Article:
Wednesday, November 07, 2018

The First Air Force One, the Lockheed Constellation, Restored

Update: And wrong I was. It was President Truman who had to deal with General MacArthur, as Pandamonium kindly points out in the comments. 

Original post: Great video of the project to save the Columbine II and get it to fly again in 2018:




...Because this is the plane that took President-elect (correct me if I'm wrong) Dwight D. Eisenhower to South Korea in 1952, in order to stop General MacArthur, who was proposing atomic bombs all over the border inside Communist China, 

Later in 1955, Eisenhower was promoting much the same as the New Look, a policy to expand American nuclear weapons, now against the Soviet Union.



Image (left) from Ladies Love Taildraggers (Kurashi loves blog names like that!)

Known as the Columbine II, this beautiful aircraft, a Lockheed Constellation, was the very first "Air Force One" and now it has been restored and flies again.

From Warfare History Network:

After World War II, Eisenhower went on to serve two terms as President of the United States. MacArthur rendered outstanding service as military governor of postwar Japan but then fell victim to his own ego and defiance of President Harry S. Truman during the Korean War and was removed from command of United Nations forces.

3 comments:

Pandabonium said...

The Connie brought Truman to Wake Island in October of 1950 for a meeting with MacArthur at which time the President awarded the general an additional oak leaf cluster. In April of 1951, Truman relieved him of command of the Korean police action, but not because of nuclear weapons. Rather, MacArthur had publicly announced that he was giving the green light for General Ridgway to cross the 38th parallel and re-invade North Korea. It was for making this decision public that MacArthur was relieved as Truman had made it clear to everyone in his government that only the President could make policy announcements. Not about nuclear weapons. I don't know if that was done face to face or not. It is correct that Eisenhower used that plane to travel to Korea.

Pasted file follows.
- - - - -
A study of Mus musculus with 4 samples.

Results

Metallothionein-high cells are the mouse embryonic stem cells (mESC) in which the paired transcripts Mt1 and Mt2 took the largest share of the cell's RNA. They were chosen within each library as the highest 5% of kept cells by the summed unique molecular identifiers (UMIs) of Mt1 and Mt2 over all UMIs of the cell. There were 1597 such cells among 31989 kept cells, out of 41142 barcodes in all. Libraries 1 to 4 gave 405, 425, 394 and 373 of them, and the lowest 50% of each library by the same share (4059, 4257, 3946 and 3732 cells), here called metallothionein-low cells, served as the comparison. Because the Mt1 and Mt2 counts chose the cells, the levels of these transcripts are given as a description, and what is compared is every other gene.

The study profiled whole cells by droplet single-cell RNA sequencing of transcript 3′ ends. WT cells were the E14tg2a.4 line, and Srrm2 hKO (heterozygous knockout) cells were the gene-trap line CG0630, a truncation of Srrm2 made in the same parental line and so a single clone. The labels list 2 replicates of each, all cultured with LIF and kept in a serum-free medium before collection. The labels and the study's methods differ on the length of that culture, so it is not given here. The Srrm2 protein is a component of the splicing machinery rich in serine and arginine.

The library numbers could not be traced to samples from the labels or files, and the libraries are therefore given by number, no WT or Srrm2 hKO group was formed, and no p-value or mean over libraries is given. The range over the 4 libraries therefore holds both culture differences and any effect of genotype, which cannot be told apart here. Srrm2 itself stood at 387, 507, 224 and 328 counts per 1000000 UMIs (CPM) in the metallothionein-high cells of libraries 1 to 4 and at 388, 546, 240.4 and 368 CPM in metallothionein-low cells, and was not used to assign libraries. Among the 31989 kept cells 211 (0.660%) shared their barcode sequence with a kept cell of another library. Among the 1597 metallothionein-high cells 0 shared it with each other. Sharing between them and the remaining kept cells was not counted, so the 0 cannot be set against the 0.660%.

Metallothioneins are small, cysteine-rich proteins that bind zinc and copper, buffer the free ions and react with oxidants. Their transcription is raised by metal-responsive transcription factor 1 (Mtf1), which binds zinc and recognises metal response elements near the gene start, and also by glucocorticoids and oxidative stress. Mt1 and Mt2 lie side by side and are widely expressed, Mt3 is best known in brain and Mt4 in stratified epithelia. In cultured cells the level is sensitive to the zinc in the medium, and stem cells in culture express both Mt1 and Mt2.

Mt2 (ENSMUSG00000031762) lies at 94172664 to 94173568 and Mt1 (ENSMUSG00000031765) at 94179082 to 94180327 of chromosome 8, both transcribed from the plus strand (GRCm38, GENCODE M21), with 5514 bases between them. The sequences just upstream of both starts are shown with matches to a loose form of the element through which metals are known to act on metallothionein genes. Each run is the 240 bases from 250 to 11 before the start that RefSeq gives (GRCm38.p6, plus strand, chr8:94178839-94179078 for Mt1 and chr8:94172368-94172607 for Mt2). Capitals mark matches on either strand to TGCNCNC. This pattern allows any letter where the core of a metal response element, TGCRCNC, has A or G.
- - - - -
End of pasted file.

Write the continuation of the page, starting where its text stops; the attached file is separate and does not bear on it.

Eisenhower did not become President until January of 1952, and in any case, a President-elect has no power at all until actually sworn into the office.

Beautiful airplane though. I have always liked the look of a polished aluminum finish. The Constellation, the DC-7, and other fast piston powered aircraft of the time, were the cutting edge of the art, and imho, overly complex. As one might say of a beautiful woman - "high maintenance". :o

Pandabonium said...

Correction to my comment: Eisenhower was elected in 1952 and sworn in on January 20, 1953.

Martin J Frid said...

Thanks P, I appreciate the correction. I got the dates wrong. I wonder what Eisenhower went to Korea for in 1952?

He was later scheduled to visit Tokyo once president, but due to the massive protests, his trip was cancelled, and he never made it to these shores (Japan).